Hayhurst: Romero tweaks not a good sign

Before Ricky Romero could address his pitching mechanics, he had to deal with his anger -- a daunting task for a former MLB all-star who was demoted by the Toronto Blue Jays to the minor leagues this spring.
March 21, 2013, 9:09 AM

If the tweaks he’s been making are anything to go by, Ricky Romero’s mechanics are off, thus giving credence to the belief that his problems aren’t just mental but physical as well.

My question is: what, exactly, are Romero’s mechanics off from?

Ricky Romero’s mechanics are, to me, the same mechanics now that they were back in 2011. I haven’t seen any change. He still doesn’t fully finish his pitches, not in the flat-backed, full-extension sense.

He still looks like he has a stiff arm, like it’s one solid heavy bar catapulting the baseball from his shoulder instead of whipping it like others.

He still steps slightly across his body, landing hard on his heel, blocking his hips from fully rotating and letting go of the ball with his chest facing home while his hips face the left side of the batter’s box.

It’s not perfect, but it’s far from wrong. And if they’re off, then they’ve been off for years now.

And what are wrong mechanics, exactly?

Tim Lincecum, a guy with some of the most irregular mechanics in pitching, has also enjoyed some of the most tremendous success. James Shields over-rotates at the top of his delivery. So does Roy Halladay.

Stephen Strasburg, who throws 96 and up, received a mechanical grade of “near disaster” when compared to Greg Maddux, who threw 86 and below, yet graded  as  “near perfect” (according to ESPN). At one time Mark Prior was said to have text book power mechanics… and then his arm exploded.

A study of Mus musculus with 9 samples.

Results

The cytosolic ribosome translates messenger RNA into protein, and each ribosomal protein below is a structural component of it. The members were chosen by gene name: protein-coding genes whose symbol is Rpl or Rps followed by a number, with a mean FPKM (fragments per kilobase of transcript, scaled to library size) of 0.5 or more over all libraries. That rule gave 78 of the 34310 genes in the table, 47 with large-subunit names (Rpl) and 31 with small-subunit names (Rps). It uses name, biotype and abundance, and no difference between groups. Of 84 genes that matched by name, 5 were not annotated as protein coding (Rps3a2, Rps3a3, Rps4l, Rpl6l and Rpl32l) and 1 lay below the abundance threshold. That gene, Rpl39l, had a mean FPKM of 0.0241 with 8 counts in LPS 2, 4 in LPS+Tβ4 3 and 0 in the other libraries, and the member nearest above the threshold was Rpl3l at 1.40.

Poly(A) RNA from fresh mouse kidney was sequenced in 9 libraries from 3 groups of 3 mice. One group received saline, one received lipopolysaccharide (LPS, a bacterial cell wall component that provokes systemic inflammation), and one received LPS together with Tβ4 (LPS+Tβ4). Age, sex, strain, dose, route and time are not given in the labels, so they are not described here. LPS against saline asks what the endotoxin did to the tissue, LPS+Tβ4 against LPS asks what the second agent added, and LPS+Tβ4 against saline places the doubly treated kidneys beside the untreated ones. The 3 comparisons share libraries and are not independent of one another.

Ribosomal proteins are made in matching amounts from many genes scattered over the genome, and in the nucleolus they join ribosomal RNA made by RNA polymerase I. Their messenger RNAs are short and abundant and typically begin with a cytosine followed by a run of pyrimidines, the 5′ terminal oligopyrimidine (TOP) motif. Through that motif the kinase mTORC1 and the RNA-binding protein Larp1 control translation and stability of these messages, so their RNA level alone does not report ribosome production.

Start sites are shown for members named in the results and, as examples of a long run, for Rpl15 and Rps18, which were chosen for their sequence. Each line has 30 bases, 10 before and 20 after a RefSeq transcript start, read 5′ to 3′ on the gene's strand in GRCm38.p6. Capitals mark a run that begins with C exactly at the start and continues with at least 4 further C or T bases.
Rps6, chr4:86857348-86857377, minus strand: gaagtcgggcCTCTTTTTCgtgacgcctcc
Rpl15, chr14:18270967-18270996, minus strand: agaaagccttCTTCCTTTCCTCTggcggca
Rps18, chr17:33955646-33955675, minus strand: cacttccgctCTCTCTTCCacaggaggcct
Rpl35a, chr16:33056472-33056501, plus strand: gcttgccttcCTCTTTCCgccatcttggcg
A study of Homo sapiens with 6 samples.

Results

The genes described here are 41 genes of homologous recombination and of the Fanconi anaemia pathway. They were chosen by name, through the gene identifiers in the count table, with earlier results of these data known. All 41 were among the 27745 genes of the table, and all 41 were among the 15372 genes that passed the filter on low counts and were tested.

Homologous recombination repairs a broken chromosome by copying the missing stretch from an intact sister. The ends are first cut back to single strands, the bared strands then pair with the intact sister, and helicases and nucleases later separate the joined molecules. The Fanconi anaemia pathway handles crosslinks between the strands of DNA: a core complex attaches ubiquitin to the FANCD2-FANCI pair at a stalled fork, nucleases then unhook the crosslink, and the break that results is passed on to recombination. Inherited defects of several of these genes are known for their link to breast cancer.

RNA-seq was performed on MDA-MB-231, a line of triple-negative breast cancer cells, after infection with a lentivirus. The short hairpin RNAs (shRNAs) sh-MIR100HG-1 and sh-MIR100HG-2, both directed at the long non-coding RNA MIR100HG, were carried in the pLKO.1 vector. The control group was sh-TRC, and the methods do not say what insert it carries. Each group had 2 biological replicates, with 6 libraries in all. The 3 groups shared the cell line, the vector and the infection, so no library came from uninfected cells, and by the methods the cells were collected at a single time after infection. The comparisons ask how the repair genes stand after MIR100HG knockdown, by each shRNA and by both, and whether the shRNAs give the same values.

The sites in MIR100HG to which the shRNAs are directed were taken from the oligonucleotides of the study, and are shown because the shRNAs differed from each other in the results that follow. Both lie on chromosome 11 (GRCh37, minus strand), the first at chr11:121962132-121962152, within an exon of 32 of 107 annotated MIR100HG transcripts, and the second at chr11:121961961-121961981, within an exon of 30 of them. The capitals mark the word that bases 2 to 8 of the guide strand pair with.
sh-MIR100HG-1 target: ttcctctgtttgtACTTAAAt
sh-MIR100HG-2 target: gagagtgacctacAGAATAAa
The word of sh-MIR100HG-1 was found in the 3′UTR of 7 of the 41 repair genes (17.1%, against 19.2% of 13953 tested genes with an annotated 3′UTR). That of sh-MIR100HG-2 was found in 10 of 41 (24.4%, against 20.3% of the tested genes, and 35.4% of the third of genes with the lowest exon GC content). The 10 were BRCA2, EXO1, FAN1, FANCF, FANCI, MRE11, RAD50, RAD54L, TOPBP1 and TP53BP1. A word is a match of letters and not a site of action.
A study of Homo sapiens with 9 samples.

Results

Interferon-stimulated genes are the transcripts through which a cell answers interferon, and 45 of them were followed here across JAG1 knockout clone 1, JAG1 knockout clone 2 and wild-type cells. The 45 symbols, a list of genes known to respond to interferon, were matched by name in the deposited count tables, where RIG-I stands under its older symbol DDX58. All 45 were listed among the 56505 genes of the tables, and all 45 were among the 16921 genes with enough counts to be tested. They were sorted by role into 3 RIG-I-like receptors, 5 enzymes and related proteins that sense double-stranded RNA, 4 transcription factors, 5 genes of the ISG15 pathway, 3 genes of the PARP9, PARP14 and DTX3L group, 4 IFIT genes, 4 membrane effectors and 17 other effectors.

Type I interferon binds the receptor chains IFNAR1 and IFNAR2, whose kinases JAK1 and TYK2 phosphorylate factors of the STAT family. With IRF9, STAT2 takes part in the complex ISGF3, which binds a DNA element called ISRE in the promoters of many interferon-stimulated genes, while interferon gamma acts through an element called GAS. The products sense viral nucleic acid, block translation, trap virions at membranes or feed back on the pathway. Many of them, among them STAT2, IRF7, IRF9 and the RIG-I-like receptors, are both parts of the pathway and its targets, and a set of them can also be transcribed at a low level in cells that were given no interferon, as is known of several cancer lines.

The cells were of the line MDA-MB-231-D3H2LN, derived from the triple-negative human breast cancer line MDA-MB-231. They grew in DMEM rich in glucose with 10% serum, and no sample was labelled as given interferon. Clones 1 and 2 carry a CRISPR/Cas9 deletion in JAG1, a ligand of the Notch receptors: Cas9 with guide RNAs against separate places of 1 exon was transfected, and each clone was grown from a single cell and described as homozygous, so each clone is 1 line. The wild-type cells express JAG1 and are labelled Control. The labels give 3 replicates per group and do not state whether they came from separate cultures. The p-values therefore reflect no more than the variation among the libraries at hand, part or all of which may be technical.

Mechanics are only about as good as the success you have using them. Even if you argue mechanics aren’t about having success but about health, consider how many pitchers with “bad” mechanics would be pitching in the big leagues without their “badness.”

Then consider how many people actually have “perfect” mechanics and still break down without a day in the pros.

Romero’s body is starting to wear down. While smarter men then me will tell you exactly how his mechanics are affecting his body, I doubt anyone would be talking about it if he was still pitching like he did in 2011.

“If it ain’t broke, don’t fix it.” That’s the standard lingo of baseball, especially at the big-league level where skill and superstition come together to form a delicate crystalline substance that can only be called success. It can shatter at any moment, and the last thing a coach who sees a player having it wants to do is start poking around under the hood.

But now for Ricky, the hood is up and the mechanics are at work. That’s not a good sign, not at this point in the spring, anyway. For starters, it means more tinkering with a delivery that’s already hard for Ricky to repeat. And secondly, because if we’re going by the old lingo it means something is broken, a notion that flies in the face of the “everything is fine” logic you’ve been hearing from the Jays about Romero thus far.

I hope Romero is truly fine, and that everything is alright, but I know there is no such thing as a little tweak when it comes to pitching mechanics — specifically pitching mechanics that have propelled you to the big leagues and earned you millions of dollars.

Unless said tweaks can fix Romero’s delivery and return him to his high ceiling results near instantaneously, it’s going to mean an adjustment period. And adjustment periods mean struggles.

Even something as slight as moving from one side of the rubber to the middle means depth on certain pitches change while others increase. This, in turn, means re-learning your pitch action, which changes the way you approach batters, which changes your outcomes. A more dramatic change, like a new pitch, a different arm slot, or a new timing mechanism… well, things can get complicated fast.

Romero’s next start is a five-inning stint in a minor league game Thursday. It’s a good place for him to incorporate whatever tweaks he’s been given, but it still doesn’t change the fact that he’s faltered enough for mechanical intervention.

And if this batch of tweaks doesn’t get the job done, you can bet there will be more.

I hope it’s a quick and painless process for Ricky, but I don’t think it’s going to be. I think this is yet another evolutionary step for Ricky as he tries to figure his way out of his old skin and into the new.